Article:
Idahoans will love SUSE Linux

by @ 6:26 am. Filed under General Linux, General SUSE, My Opinion, SUSE Blog News

How in the bloody hell am I supposed to get everything done?

I drove to Logan, UT, to unpack yet ANOTHER moving truck full of my parents’ heavy furniture. By heavy I mean “baby grand piano” and other assorted furniture weighing over 350 pounds each. And there was a lot of it. Neighbors on either side came over to help, so I didn’t do everything myself. The one guy on the east side was digging raingutter drainage trenches in his front yard. When we were all done moving 63 pianos, 43 beds, 21 dressers, and 383 rusting lawnchairs, I helped the one guy on the eastern side of their house dig his trench with a pickaxe. About 2 1/2 swings and my arms were throbbing. After about 45 minutes of that, I faked a hayfever attack so I could go back inside and have some cool water to ease the heatstroke I felt coming on. For the next two days, my hands were swollen and I couldn’t grip anything very well. Good thing I’m such a self-sacrificing servant of my fellow man.

The next day, we drove 3 hours up to Rexburg, except that I had to get there in 2 1/2 hours. We had women in our party. You take the number of women and multiply by 15 and that’s how many minutes late you will leave to any given event. As there were two, we left a half hour late. Thus, I had to bust out my stealth F-16 l33t driving skills. We left at 6:00 am and got there at 8:28 am for the event that I was to participate in at 8:30. For anyone wondering, I had to engage the cruise control at 93 miles per hour for about 2 hours. Don’t tell any cops, though.

Then, yesterday, we had to drive back to Logan and drop off my parents. Except that I was too blasted to keep driving, so I had to crash for an hour. When I was conscious again, I stuck toothpicks in my eyes to keep them open and taped my eyelids with some duct tape for good measure. With that, I drove the 2 hours back home. I fell into a coma ere I hit my bed. Good thing I aimed before I started falling.

And that is to say nothing about the 956.3 things that I’ve done today, already.

What does that have to do with SUSE Linux? Stare at a blank wall for about 8 seconds, and you will see the answer.

That all said, I DID have a chance to spread the word about Linux and open source while in Rexburg.

My mother’s first husband’s second wife was there (who happens to be my mother’s first daughter’s step-mother), with whom I have no relation. She is an educator, teaching art in high school. She was talking with my mother about digital photography and art via Photoshop and Illustrator. She was careful to clarify that they were Adobe products.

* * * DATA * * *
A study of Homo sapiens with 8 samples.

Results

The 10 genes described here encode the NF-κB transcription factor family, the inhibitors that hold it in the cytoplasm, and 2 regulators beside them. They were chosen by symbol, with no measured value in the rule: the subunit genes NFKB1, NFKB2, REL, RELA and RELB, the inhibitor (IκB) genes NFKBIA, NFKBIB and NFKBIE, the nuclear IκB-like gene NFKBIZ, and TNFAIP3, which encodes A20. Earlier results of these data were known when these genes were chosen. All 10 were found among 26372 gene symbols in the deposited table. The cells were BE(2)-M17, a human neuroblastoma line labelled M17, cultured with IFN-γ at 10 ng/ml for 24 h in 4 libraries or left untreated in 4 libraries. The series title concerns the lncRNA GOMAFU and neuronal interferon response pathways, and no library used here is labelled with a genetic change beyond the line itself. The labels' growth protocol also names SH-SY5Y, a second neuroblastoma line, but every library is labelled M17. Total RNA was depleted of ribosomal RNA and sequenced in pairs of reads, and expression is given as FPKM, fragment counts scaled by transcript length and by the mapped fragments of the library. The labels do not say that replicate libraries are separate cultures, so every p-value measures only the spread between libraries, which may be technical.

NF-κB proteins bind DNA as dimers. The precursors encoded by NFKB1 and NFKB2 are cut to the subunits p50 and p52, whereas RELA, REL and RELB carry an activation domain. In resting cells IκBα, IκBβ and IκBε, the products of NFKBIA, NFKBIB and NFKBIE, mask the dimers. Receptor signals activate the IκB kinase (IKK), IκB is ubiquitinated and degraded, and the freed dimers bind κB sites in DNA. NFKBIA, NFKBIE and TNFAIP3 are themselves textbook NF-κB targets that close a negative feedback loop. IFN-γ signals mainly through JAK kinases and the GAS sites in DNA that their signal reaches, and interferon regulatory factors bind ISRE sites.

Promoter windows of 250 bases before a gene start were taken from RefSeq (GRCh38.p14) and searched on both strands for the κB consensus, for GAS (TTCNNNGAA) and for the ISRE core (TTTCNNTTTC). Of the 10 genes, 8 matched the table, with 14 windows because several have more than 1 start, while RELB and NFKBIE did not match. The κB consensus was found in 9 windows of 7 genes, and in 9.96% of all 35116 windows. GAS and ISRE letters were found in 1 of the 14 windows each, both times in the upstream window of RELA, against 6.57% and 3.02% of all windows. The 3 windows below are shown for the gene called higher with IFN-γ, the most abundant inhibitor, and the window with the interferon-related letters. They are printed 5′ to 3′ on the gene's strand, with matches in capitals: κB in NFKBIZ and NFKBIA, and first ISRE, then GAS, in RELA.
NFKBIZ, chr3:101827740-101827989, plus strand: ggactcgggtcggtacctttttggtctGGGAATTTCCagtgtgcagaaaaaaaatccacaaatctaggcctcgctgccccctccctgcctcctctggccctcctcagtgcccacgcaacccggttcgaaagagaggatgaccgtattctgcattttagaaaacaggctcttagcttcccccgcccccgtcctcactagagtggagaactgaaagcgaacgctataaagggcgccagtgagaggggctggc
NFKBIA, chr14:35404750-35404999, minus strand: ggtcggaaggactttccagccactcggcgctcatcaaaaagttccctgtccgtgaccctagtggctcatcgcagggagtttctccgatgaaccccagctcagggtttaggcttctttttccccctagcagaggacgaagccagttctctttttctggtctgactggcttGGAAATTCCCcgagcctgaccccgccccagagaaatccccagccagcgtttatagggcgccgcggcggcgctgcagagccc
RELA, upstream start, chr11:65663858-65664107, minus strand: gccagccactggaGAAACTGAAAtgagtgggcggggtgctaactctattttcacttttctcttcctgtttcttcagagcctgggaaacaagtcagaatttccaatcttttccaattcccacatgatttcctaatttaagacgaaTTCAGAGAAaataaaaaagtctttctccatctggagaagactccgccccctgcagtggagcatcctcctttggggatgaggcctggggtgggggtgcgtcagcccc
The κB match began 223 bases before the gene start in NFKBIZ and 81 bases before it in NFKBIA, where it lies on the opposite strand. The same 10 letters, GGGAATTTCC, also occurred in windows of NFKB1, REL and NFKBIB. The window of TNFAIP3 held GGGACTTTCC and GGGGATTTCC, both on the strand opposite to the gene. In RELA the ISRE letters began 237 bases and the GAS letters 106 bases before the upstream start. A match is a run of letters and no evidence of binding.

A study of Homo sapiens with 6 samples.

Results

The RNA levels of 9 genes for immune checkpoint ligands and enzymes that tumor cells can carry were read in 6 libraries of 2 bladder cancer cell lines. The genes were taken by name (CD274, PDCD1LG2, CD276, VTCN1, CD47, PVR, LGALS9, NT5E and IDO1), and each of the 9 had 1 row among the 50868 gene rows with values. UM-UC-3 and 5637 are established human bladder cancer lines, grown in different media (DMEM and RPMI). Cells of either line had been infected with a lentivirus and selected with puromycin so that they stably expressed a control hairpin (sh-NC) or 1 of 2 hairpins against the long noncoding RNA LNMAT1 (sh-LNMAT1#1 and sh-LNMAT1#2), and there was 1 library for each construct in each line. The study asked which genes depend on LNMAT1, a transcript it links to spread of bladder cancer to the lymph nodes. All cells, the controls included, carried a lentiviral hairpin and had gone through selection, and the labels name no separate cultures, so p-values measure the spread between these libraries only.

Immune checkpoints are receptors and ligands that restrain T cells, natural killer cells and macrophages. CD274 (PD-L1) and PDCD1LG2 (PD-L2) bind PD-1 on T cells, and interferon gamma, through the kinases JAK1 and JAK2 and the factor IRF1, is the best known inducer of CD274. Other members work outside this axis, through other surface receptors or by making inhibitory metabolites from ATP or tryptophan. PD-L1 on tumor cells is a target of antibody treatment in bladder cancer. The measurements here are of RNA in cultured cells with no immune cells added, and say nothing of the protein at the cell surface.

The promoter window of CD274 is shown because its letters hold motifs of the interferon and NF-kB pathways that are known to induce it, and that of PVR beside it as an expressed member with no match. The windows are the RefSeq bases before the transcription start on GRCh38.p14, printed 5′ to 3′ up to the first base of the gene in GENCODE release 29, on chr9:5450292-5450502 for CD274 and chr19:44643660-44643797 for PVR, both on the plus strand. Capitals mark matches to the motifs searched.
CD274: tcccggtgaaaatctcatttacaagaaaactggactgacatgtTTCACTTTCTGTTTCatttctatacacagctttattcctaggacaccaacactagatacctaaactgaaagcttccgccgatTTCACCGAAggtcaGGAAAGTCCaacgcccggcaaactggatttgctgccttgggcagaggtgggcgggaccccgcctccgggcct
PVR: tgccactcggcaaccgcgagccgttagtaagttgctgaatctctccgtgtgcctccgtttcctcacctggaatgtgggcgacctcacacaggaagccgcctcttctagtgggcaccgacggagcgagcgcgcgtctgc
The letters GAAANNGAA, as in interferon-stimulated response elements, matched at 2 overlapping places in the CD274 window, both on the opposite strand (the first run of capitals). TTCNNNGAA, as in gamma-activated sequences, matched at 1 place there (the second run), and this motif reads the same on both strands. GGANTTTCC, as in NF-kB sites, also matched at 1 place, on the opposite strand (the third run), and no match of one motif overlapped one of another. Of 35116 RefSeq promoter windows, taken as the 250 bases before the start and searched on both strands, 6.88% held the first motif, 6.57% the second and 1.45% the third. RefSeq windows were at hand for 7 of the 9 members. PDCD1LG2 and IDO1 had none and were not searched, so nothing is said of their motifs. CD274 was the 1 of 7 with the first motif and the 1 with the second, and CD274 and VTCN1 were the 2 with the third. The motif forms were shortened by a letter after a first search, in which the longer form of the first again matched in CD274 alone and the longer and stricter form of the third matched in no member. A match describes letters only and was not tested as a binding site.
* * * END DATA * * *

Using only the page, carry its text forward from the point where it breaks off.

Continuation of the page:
At that point, I butted in, interrupting the conversation to make my introductory arguments about how Gimp runs on Windows and Linux, and is free, and opens Photoshop files. This, of course, would mean that her students would be able to work on their projects at home, without having to own Photoshop, and get the software for free, even if they are using that one sludge operating system dredged from the sewer of a nuclear treatment plant.

After about 25 minutes of discussing red, green, and blue channels, paths, selection tools, RGB, CMYK, resolution, brightness, contrast, and floating layers, she decided that I may have some clue as to what I was talking about. I went further and invited her to a demonstration of the software, as we were at my nephew’s house, who is an Ubuntu fan. I had him fire up his system and pull open the GIMP.

My next question to her was, “So, what is the first assignment that you have your students do on their first day with Photoshop?” She said that she has them find a picture on the Internet, pull it into Photoshop, and just type their name in a layer over the top of the picture. Simple in the GIMP… I did it as she was explaining the assignment to me. As she was finishing her explanation, I was finishing my implementation of her explanation. I said, “Something like this?”, pointing to the screen. She was visibly impressed.

I think she was converted and open at least to the idea of open source software. I sent a link to her email address of where she could download the GIMP and read more about it.

Then, we moved to the OpenOffice.org discussion. I was careful to explain to her that OpenOffice does, in fact, open Microsoft Office documents, and that it could also save the files in those formats. My nephew showed her and her husband (my mother’s first husband, but not my father) how to do the header styles, and formatting and all that. I forgot to show her how to do the darn table of contents. Oh well, gotta have some tricks for next time, I guess. During that conversation, I did spend a considerable time breaking in the idea of what Linux is.

The effort in doing all of this is that, as an educator, she will be teaching many people who have never heard of open source. Many, many more than I could possibly reach. If we, as Linux users, would start working with the educational systems around us, open source would be adopted at a much faster rate, I’m quite sure.

I’m also writing a couple of articles about the GIMP, as my conversation had reminded me that I had some cool tricks in the GIMP that I hadn’t yet written about. Stay tuned for a URL to the published article.